If you’ve been concerned about the risk that commercial shampoos pose to your health – you’re not alone. I won’t go into details about that as I’ve previously written about this here, so this post is purely instructional on how you can make your own shampoo really easy and fast and just requires one ingredient!
The magic ingredient here is rhassoul (or ghassoul) clay from Morocco. Below I’ll outline its vast variety of benefits, how to use it and where to get it from.
So what is rhassoul clay?
✽ Moroccan volcanic clay, also known as: RHASSOUL or GHASSOUL CLAY
It’s official name is hectorite, “rhassoul” comes from the Arabic word “rassala”, which means “washing”. It’s a natural mineral clay that has been used for centuries by the native population and is still used widely around the world in Turkish baths and by individuals who want an easy, clean and efficient way of cleaning their body. When my friend introduced me to this I was amazed, I couldn’t believe that it’s so EASY to get clean hair!
How to make shampoo from rhassoul:
You’ll just need:
- 2 heaped teaspoons of the powder (enough for long fine hair)
- Enough water to make it into a watery paste (preferably warm water)
Rhassoul usually comes as a powder and will turn into clay when mixed with water. It can form blobs of clay – I use a teaspoon or my fingers to even it out. Generally its super easy to make, no hassle at all. It’s best to use a plastic bowl for this, metal is not recommended and others may break in the shower.
I’m glad I wrote this after having my best friend try it on herself or I wouldn’t know that people can get it wrong 😛 So this is important: you need a LOT more clay than your normal shampoo, it needs to cover your hair almost completely or it won’t do anything at all. Two teaspoons is plenty for my hair (reaches down to about the middle of my back), plus it’s also fine and light, so thick-haired people may need more and should wash it out thoroughly. I’ve read that for thick hair you could add some argan oil into the mixture.
You rub it in your hair (try to get it everywhere) for a few minutes and it works best if you can leave it in for at least 5 minutes (just don’t let it dry anywhere on your body). Please note: it will not foam or feel anything like your regular shampoo.
What are the benefits of using rhassoul clay on your hair or skin?
- It’s good for all skin types and has many other uses, such as: clay masks, exfoliation, general body washing etc (you can have a look online for more)
- Rhassoul clay has more trace minerals than other types of clay, but is mostly comprised of silica (52%) known to stimulate hair growth (for more info on hair growth, visit Hairguard.com), and magnesium (25%) which strengthens hair follicles and hair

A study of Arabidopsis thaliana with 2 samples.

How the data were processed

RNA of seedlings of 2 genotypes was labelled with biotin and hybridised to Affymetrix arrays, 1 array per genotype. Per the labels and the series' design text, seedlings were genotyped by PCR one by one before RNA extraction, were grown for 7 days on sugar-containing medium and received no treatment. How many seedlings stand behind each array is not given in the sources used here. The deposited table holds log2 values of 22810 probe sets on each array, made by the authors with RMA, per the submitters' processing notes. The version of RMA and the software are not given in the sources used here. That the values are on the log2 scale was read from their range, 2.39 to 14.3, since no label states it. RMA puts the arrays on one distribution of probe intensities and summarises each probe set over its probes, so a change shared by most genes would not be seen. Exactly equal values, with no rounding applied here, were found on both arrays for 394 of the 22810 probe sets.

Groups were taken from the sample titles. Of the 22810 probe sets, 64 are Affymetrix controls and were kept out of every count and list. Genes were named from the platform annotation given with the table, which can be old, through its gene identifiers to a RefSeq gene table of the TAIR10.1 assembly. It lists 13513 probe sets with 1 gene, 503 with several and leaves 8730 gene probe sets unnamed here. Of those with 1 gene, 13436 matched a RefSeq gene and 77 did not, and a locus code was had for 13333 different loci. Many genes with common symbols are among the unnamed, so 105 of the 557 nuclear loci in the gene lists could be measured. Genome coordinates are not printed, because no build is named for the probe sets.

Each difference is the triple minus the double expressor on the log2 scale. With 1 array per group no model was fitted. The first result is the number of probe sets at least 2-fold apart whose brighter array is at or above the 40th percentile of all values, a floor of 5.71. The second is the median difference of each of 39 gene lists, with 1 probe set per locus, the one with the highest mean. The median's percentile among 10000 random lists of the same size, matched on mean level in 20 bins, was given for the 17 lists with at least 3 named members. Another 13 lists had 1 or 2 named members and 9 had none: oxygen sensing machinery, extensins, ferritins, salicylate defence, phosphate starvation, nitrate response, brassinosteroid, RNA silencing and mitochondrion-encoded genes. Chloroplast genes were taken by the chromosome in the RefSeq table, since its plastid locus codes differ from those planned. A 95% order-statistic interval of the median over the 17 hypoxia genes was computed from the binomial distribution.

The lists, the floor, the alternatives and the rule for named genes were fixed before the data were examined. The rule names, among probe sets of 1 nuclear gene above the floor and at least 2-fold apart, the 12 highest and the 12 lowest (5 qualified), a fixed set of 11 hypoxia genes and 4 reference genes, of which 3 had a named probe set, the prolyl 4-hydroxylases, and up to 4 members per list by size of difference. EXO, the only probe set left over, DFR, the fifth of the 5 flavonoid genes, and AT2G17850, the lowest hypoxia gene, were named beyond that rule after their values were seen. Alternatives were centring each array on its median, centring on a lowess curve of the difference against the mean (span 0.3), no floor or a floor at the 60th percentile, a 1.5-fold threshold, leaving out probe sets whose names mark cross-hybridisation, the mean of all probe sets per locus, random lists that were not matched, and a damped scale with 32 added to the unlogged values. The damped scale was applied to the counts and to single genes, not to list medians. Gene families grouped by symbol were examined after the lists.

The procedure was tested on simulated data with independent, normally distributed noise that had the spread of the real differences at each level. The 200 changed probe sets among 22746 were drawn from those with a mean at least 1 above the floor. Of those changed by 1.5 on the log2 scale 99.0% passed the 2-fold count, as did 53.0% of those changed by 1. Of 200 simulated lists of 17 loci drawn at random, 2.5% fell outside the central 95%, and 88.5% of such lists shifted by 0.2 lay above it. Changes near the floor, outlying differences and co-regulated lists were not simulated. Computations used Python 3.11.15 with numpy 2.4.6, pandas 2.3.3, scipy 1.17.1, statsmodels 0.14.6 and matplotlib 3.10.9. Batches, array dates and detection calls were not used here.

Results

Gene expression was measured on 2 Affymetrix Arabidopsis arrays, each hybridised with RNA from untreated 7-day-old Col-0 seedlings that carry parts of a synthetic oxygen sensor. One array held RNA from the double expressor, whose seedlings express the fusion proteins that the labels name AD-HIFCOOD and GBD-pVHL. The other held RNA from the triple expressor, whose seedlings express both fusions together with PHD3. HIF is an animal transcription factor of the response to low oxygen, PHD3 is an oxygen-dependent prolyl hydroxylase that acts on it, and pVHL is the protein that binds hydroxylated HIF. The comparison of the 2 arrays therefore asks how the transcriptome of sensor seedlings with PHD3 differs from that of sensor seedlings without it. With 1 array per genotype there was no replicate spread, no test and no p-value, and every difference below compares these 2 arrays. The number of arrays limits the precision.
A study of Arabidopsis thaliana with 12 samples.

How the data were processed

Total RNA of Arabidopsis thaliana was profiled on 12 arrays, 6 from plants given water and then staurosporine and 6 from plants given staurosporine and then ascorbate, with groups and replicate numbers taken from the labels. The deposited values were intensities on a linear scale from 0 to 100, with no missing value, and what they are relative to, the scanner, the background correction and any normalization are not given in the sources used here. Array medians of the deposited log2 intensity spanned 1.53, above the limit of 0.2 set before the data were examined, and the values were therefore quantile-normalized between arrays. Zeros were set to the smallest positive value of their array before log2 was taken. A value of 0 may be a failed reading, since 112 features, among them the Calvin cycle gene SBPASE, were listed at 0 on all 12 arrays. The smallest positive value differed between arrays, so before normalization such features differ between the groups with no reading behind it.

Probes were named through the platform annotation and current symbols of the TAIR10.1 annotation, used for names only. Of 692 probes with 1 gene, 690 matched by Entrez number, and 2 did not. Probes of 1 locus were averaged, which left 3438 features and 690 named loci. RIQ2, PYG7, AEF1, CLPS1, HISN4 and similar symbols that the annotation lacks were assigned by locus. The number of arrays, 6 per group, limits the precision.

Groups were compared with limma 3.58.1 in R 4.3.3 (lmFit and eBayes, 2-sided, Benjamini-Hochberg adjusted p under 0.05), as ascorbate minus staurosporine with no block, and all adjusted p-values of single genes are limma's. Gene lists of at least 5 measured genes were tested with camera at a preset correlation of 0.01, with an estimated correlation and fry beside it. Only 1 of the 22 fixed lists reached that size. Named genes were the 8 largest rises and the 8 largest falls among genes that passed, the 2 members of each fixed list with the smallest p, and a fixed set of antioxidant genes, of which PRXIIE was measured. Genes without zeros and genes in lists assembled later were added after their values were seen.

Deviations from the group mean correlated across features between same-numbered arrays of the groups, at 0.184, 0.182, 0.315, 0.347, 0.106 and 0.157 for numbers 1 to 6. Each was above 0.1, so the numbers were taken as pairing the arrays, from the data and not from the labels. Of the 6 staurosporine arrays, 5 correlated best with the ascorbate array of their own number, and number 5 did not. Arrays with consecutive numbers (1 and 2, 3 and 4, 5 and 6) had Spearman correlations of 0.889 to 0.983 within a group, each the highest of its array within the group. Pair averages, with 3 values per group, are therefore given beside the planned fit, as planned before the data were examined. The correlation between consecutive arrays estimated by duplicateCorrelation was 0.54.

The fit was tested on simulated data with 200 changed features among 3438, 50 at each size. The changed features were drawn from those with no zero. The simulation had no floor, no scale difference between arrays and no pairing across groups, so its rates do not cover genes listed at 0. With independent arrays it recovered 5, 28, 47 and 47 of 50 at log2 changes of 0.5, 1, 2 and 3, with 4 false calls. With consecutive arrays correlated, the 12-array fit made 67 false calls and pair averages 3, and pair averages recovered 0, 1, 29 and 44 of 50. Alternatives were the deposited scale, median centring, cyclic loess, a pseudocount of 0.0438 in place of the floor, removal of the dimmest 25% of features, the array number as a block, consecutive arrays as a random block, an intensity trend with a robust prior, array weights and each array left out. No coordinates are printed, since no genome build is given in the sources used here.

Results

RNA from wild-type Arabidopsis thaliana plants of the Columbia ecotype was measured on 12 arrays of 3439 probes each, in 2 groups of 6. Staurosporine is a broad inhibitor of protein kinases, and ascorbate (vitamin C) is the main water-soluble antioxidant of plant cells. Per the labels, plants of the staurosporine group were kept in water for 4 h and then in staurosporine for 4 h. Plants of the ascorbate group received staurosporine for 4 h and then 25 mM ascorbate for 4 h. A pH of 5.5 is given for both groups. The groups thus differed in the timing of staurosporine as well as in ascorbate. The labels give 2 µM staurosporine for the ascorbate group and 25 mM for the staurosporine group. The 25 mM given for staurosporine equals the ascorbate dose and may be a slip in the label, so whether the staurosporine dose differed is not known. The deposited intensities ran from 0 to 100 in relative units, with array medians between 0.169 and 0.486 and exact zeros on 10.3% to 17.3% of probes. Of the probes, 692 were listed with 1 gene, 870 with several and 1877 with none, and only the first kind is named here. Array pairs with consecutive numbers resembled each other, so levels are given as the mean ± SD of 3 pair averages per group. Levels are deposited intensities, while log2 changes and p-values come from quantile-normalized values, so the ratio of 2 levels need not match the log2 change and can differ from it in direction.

- It helps with detoxification as the minerals can swap themselves for toxic chemicals in our bodies, so it doesn’t just clean us, it gives us wonderful compounds that are great for our skin!
- After some time of using it, you will no longer need to wash your hair as frequently (I do it every 3 days now, whereas before I HAD to do it every single day)
- It reduces the need to moisturise daily if used on the skin (even if at the beginning it will feel a little dry after use)
- It has been said to help with the following: acne, eczema, psoriasis, dandruff, and other skin issues
- Reduces dryness and flakiness
What about hair conditioner?
Ah conditioner, the one thing I said I could NEVER live without…until I discovered this wonder-clay! More often than not I don’t use anything, but once in a while it’s good to give your hair a little moisturising. I usually just take a few drops of an essential oil, rub it between my hands (not too much!) and gently go over the hair ends. Takes 2 seconds and you smell great after too!
Sometimes I will use a bought natural conditioner. I will soon start making my own conditioned using everyday ingredients, then I will let you know which ones work best!
Where do I get rhassoul clay?
The easiest way would be to buy it online, you can even get it on Amazon (here’s an example of the cheapest one I found).
How easy it is to find will depend on where you live. I’m currently in London and could not find it in the obvious places like Whole Foods and Planet Organic, I got mine at the Festival of Life and I assume they would sell it at other shows like the Mind Body Spirit festival.
The clay will come in either powder form or in chunks, like the photo above. I HIGHLY recommend getting the powder – I almost broke my food processor trying to powder down the chunks. They are certainly cheaper, but not worth the hassle in my opinion.
There’s just no way I can get the clay, what do I do?
There are plenty of ways of making home-made shampoo so don’t get upset! I actually switch between using rhassoul clay and one made of easy-to-find herbs that I mix myself, just to vary a little.